The Beauty of Nature Photography

The great outdoors provide a wealth of photo opportunities, but you’ll want to keep a few things in mind when attempting to capture the beauty of a mountain landscape or a rushing waterfall. Here is a short list of tips to help improve your outdoor photography results.


Use Scene Modes

Most Olympus digital cameras have Scene Modes, which are ideal for many types of outdoor shots. “Landscape mode” is best for typical landscape shots as it optimizes the camera to capture vivid blues and greens. If you’re after close-in outdoor shots rather than landscapes, try your camera’s macro mode. Other popular outdoor shooting modes include Sunset, Beach and Snow, and Sport.

Landscape

Photo taken in Landscape Mode by Louise from Nelson, BC.

Wide

Photo taken in Landscape mode with Wide Angle Adaptor by Valerie from Stamford, CT.

Think Wide

Want to capture a mountain landscape? Zoom all the way out for the best results. This will allow your camera to capture most of your view in the shot. Use a camera with a wide-angle lens, interchangeable lenses or in-camera Panorama mode to capture even wider vistas.

Panorama mode

Photo taken with Panoramic Photo Setting by Ann from Lenox, Mich. using an SP-550 UZ.

For advanced tips on capturing panoramas, check out this article from Olympus Visionary Jay Dickman.


Outdoor Portraits

If your camera has the “Landscape + Portrait” scene mode, try using it for shots where you want to capture your subject standing atop a rocky cliff in front of a scenic river canyon. Use this mode with flash to remove shadows from your subject’s face, while still capturing the enormity of the natural vista.

Don’t have “Landscape + Portrait” scene mode? Shoot at your camera’s extreme wide angle (zoom all the way out) and use your camera’s “fill-flash” to help reduce harsh shadows. If you have a camera Aperture Priority mode and choose the smallest aperture (like f16 or f22) in order to ensure the broadest depth of field. Note: small apertures correspond to larger f-stop numbers, while large aperture settings correspond to smaller f-stop numbers, like f2, for example. For more information about aperture and outdoor photography, see this article detailing settings for outdoor portraits.

Not sure how close to get? Olympus cameras with a built-in flash have a flash working range of about seven feet, but it varies from model to model. External flashes available for models equipped with a hot shoe extend the range to as much as 50 feet. Whichever flash you use, if your subject is beyond its working range, there is a danger that your images will be underexposed (dark) or out of focus.


Zoom Closer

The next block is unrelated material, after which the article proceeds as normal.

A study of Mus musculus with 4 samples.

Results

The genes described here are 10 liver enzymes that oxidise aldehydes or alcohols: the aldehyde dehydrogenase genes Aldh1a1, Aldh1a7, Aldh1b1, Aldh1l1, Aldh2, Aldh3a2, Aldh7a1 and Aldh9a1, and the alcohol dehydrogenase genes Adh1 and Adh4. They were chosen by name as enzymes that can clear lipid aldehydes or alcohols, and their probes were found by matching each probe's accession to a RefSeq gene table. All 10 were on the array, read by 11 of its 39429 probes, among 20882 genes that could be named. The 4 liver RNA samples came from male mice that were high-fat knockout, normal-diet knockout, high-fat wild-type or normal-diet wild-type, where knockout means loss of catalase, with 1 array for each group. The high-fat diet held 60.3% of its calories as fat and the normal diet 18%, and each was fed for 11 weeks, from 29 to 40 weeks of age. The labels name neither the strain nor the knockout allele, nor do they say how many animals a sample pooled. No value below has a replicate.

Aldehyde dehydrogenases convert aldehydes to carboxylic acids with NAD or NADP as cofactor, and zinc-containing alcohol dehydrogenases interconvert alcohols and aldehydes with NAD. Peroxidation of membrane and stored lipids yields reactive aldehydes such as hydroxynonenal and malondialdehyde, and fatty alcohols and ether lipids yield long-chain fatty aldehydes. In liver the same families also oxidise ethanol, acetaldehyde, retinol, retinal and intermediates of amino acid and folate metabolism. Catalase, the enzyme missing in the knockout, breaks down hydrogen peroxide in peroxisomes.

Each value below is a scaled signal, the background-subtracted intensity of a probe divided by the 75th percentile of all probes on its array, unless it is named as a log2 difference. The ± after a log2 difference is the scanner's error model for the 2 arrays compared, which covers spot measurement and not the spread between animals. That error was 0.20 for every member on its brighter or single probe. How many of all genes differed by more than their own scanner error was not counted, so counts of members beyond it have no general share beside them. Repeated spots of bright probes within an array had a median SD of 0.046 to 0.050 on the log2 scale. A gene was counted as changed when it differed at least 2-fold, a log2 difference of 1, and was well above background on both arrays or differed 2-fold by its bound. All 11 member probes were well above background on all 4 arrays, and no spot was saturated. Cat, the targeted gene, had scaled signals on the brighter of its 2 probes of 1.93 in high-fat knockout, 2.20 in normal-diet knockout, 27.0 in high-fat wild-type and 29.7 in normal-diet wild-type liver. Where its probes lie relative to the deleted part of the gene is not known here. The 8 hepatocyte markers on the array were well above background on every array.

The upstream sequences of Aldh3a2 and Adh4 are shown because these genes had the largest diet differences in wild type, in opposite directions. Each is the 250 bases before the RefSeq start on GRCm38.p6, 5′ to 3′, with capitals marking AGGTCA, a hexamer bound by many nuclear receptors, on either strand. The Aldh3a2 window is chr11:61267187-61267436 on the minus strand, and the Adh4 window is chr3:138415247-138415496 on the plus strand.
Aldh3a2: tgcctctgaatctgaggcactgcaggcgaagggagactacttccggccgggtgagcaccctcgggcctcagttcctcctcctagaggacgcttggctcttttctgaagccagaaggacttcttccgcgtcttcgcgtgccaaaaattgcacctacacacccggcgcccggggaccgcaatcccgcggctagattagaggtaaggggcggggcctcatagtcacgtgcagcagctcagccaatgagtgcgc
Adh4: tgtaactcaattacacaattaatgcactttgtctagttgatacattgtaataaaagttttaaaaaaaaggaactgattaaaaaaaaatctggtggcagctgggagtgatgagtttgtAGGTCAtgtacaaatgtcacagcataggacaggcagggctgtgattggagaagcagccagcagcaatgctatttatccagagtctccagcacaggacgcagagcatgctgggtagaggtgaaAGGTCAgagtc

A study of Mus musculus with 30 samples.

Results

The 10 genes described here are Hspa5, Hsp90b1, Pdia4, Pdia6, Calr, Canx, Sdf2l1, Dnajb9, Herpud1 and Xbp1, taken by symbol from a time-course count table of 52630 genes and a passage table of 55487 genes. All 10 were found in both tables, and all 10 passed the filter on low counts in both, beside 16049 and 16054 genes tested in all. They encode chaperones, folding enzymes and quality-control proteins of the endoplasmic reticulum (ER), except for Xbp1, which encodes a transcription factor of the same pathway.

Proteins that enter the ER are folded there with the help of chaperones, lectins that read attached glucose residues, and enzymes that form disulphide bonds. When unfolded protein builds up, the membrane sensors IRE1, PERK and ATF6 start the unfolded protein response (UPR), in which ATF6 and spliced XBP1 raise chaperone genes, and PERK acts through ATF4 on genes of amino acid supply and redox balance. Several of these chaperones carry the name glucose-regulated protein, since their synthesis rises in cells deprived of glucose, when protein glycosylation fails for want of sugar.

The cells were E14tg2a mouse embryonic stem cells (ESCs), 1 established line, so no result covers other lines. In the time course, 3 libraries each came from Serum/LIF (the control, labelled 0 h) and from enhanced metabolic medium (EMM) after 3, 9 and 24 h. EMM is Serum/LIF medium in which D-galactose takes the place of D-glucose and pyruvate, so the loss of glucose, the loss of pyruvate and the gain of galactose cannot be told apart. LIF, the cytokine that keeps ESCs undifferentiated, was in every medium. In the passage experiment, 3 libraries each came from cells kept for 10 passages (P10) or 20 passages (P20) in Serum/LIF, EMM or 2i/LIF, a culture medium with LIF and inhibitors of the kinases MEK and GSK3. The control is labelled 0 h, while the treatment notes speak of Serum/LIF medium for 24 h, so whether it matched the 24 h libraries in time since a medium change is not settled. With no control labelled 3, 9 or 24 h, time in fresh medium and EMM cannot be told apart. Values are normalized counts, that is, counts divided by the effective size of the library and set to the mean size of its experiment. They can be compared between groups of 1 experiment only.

When you can’t move closer to your subject, don’t forget about your camera’s zoom. Zooming uses the camera’s optics to bring your subject closer to the camera, rather than the other way around.

If your camera has a digital zoom feature, you can get even closer, but keep in mind that digital zoom halves the resolution of your image for each multiple of magnification. That means you’ll capture less detail, which isn’t going to work in your favor if you plan to print enlargements. Your best bet is to shoot at your maximum optical zoom using the highest-quality recording format available.

Some newer Olympus cameras feature a Fine Zoom or Super Resolution Zoom setting. This feature boosts image magnification on top of optical zoom, but prevents the "pixelation" (grainy appearance and jagged edges) that can occur in images captured using digital zoom. It works by using a smaller portion of the camera’s image sensor to increase the effective zoom of the camera. Essentially, it limits the digital zoom to optimize the image quality for common smaller print sizes and screen viewing.

Zoom

Bonus Tips for Advanced Camera Owners:

Shutter Speed and Moving Water

You can control exposure time in Shutter Priority and Manual shooting modes. Setting a higher or lower aperture value will also effect shutter speed. Slow shutter speeds (long exposures) help display movement in a waterfall by blurring the movement of the water. You may need a tripod to help prevent blur when shooting with a slow shutter speed. Using a low ISO and a filter to block some of the light hitting your camera will allow for longer exposure times while avoiding overexposure. If you have an X-Series camera like the XZ-1, XZ-2 or XZ-10, you can use the built-in Neutral Denisty (ND) filter setting to cut the amount of light.

Setting a fast shutter speed (short exposure) helps prevent blurriness – even when you don’t have a tripod. Short exposures are good for capturing crashing waves or other fast moving subjects. A fast shutter speed also means that less light will reach the sensor. To avoid underexposing a shot, use a high-sensitivity shooting mode when you set fast shutter speeds. This lets the sensor absorb more light energy in a shorter amount of time. The setting that controls this is called ISO. The higher the ISO value, the more sensitive the sensor becomes. Because high ISO settings absorb so much light, use them with care. On a sunny day, shooting with high ISO may cause highlights to be blown out or the entire image will be overexposed. These modes are best used in dim light.

Interested in more information on this topic? View additional settings and advice for capturing waterfall effects.